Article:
ORLANDO, May 22 — The next generation of therapy for erectile dysfunction could include semiannual intracavernosal injections of a gene that improves smooth muscle function, preliminary clinical results suggest.
A single injection of hMaxi-K led to restoration of normal erectile function that lasted for six months in two men treated with the highest dose, Arnold Melman, M.D., of Albert Einstein College of Medicine in New York, reported here at the American Urological Association meeting.
“The results were exactly as we had predicted from our animal studies,” said Dr. Melman. “If these findings hold up in further clinical investigations, we think men will require two injections a year to maintain normal sexual function.”
Two-year follow-up of the first 11 men treated has raised no safety concerns related to the gene transfer therapy, he added, although one patient was lost to follow-up.
The therapy evolved from recognition that abnormal smooth muscle function plays a major role in erectile dysfunction.
Dr. Melman said hMaxi-K consists of a naked DNA plasmid vector carrying human cDNA encoding a subunit of the smooth muscle potassium ion channel. The therapy stimulates endogenous protein production to correct abnormalities in smooth muscle function.
“We’ve shown in other studies that there is either a reduction in the amount of potassium channel present on the cell membrane or splice variants that don’t work as effectively that are present in both aging and disease,” said Dr. Melman.
An initial phase I dose-escalation study of hMaxi-K involved 11 men with moderate to severe erectile dysfunction. The patients had shown no improvement with other therapies or had rejected other types of therapy.
Three men each received doses of 500, 1,000, and 5,000 ?µg of hMaxi-K, and two men received 7,500 ?µg, injected directly into the corpus cavernosum.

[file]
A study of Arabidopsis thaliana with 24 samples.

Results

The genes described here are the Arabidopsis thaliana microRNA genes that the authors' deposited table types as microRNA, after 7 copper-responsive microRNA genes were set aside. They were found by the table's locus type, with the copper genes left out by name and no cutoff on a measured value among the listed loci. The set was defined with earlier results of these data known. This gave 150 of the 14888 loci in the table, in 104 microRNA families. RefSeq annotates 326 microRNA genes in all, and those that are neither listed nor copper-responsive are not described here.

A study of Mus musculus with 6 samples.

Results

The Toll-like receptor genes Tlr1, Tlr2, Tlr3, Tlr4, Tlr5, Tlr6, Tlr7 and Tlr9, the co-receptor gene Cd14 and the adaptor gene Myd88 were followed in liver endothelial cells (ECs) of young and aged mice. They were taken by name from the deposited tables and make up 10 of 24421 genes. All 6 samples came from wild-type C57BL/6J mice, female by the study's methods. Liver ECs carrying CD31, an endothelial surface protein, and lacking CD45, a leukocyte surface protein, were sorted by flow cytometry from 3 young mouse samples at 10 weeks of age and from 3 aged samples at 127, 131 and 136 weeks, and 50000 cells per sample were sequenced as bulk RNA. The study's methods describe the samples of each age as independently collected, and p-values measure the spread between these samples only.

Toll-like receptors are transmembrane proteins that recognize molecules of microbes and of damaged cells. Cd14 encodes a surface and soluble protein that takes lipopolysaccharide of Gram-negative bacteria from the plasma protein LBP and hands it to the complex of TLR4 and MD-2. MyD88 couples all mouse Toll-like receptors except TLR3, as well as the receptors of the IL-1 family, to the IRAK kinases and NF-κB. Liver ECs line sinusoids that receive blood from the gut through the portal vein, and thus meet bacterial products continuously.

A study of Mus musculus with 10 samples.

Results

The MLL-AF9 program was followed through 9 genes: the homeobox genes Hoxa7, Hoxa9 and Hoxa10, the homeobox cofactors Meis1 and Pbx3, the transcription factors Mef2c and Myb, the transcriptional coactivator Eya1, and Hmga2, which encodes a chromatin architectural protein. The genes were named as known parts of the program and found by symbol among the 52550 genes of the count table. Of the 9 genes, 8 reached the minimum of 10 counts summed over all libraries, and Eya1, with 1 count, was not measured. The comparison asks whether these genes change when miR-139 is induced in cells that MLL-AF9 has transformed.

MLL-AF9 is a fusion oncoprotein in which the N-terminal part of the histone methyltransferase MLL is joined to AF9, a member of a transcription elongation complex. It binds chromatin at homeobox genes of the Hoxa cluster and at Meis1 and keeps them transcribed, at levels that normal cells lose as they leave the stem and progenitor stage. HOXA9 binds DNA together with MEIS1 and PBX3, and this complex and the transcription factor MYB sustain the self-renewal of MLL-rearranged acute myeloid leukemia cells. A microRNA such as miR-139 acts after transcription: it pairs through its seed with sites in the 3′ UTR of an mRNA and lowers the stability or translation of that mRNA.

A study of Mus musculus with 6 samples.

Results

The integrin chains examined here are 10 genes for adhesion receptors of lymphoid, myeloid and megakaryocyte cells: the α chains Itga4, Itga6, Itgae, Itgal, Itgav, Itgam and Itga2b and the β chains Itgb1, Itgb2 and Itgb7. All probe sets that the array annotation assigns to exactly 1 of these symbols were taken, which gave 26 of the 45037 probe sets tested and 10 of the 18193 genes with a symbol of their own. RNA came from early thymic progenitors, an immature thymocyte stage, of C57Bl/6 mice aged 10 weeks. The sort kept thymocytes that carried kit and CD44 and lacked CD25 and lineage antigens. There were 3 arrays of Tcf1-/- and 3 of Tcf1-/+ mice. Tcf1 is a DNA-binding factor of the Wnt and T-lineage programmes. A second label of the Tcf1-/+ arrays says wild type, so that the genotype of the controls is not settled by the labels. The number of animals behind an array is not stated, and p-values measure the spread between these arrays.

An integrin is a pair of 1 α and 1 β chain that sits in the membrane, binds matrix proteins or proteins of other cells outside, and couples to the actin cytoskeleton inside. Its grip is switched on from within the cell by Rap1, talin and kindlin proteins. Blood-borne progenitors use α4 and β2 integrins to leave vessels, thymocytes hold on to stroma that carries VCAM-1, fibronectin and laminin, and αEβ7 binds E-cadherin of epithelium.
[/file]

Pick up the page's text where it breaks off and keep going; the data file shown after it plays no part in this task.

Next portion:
Pre- and posttreatment scores on the International Index of Erectile Function showed that the two men who received the highest dose of hMaxi-K had a return of normal erectile function for six months. At that point, erectile function regressed to pretreatment levels.
A companion study reported at the AUA meeting showed the gene therapy affects sexual behavior, as well as erectile function.
Male cynomolgus monkeys with atherosclerosis-related erectile dysfunction received the gene transfer therapy and then were placed with estrogen-implanted female monkeys.
Following treatment virtually every aspect of the male monkeys’ sexual function and behavior improved, said George Christ, Ph.D., of Wake Forest University in Winston-Salem, N.C., a co-developer of hMaxi-K.
The treatment influenced behaviors unrelated to erectile function, such as time spent grooming the female and decreased frequency of body contact, typical of the postmating period of most macaque species.
“The therapy seemed to improve the males’ overall sense of well being,” said Dr. Christ. “They felt better about themselves.”
A phase1b clinical evaluation of three higher doses of hMaxi-K is expected to end by early June.
The potassium ion channel gene therapy has potential application in a variety of conditions involving smooth muscle dysfunction, said Dr. Melman. An initial clinical trial of patients with overactive bladder has already begun.
Drs. Melman and Christ are founders and remain principals in Ion Channel Innovations, the company that is developing the gene-transfer therapy.
Primary source: Journal of Urology
Melman A, et al “Long-term safety follow-up of a phase 1 trial for gene transfer therapy of ED with hMaxi-K” J Urol 2008; 179(suppl): 426; Abstract 1241.